Continued from The Era of the Clipper Ship – Part 1

The master, though not the originator, of clipper ship design was Donald McKay, an American of Scottish extraction. His first ship, the Stag Hound, was the largest merchant ship ever built at the time of her launching in 1850. She was 1,534 tons and made the run from Canton to New York in eighty-five days. His second ship, Flying Cloud, made the run around Cape Horn to San Francisco in eighty-nine days, twenty-one hours. Three years later she excelled her own record by thirteen hours. These sailing records have never been equaled. The clipper Lightning once made 436 nautical miles in twenty-four hours, a still unbeaten record for a sailing ship.

“The whole art of sailing was rapidly improving,” says J.M. Scott. It would be a shame to paraphrase this passage of his from The Great Tea Venture:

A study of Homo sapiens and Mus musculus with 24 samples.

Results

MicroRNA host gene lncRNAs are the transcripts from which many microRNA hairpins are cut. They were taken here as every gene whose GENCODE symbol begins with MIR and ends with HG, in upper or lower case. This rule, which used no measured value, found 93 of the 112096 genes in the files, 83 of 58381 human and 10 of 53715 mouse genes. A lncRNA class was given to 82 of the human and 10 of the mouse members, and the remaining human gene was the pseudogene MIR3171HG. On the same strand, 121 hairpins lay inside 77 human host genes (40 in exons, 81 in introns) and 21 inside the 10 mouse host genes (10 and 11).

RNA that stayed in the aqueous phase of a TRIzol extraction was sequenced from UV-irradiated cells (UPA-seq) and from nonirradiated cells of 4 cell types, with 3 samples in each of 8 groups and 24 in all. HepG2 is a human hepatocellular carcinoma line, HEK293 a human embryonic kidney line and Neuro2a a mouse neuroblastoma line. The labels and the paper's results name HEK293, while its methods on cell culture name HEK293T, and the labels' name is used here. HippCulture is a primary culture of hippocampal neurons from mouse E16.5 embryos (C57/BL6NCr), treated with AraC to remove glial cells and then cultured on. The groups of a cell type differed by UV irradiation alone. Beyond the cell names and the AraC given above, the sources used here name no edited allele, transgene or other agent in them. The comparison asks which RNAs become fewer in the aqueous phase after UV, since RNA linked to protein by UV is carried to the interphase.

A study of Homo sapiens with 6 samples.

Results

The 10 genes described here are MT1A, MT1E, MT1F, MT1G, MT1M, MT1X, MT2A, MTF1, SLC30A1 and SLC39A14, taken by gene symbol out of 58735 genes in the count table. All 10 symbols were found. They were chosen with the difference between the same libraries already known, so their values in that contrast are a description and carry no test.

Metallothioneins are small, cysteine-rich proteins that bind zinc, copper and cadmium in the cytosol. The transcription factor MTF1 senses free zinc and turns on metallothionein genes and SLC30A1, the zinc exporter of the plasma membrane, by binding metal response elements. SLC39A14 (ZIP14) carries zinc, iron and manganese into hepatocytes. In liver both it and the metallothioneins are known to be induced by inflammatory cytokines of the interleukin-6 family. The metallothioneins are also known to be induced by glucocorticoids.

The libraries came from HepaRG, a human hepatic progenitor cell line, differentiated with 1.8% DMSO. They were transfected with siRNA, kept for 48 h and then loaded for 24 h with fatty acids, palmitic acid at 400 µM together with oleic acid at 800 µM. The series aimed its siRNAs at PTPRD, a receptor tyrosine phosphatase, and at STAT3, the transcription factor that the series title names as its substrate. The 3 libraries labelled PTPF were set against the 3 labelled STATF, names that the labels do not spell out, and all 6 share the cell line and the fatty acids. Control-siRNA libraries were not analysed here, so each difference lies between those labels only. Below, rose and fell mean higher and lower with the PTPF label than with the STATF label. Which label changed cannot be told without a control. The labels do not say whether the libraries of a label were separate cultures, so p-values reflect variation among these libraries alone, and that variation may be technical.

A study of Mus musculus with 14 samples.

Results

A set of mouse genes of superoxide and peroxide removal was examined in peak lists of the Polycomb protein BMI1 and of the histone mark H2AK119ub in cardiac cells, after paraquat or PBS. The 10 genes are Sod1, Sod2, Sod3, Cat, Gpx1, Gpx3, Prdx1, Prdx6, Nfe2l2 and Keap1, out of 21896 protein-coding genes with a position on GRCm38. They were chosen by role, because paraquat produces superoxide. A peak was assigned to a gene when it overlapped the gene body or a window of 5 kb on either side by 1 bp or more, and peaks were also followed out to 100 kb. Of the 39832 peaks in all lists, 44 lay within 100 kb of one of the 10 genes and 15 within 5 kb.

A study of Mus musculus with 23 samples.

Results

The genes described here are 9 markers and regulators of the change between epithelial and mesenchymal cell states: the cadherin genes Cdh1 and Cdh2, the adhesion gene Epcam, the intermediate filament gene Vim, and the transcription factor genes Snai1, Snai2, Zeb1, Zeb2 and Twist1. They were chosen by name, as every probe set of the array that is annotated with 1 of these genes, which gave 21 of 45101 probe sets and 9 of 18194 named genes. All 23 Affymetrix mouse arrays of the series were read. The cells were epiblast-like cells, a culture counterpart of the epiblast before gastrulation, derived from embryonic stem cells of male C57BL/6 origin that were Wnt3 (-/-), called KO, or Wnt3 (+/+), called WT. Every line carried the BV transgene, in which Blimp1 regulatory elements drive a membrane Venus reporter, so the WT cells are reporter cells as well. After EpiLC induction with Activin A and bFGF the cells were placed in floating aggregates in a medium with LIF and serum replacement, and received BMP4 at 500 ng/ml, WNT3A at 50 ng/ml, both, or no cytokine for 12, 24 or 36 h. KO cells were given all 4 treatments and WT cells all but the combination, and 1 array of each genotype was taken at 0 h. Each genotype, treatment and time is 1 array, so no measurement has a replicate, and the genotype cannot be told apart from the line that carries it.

The ships were not everything, of course. Designs can be copied. Whether they were a success or failure rested with the officers and crew who not only had to force the vessel to the limit, and keep her at that pitch for three months or more – a sufficient strain in itself – but also maintain spars and rigging in racing trim. What sort of men were these? . . . They were experts at their craft, but simple souls. To them, the land was a place to get drunk and make love on. The sea was their profession. They were warmhearted, impulsive, superstitious, brave, unruly – qualities accentuated by a life that seemed to prevent them from growing up as far as responsibility was concerned. They were constricted like boys at school, with no feminine influence – except the ship. Their days and nights were governed by certain rules which, being concerned only for with the efficient running of the ship, had no moral basis . . . Their masters were by no means always models of morality and sobriety. But in the better ships at least both officers and men loved their ship with a fanatical loyalty. You might more safely insult a sailor’s woman than his ship. In the race of 1866 one clipper crew to a man backed their ship with a month’s pay to beat their chief rival.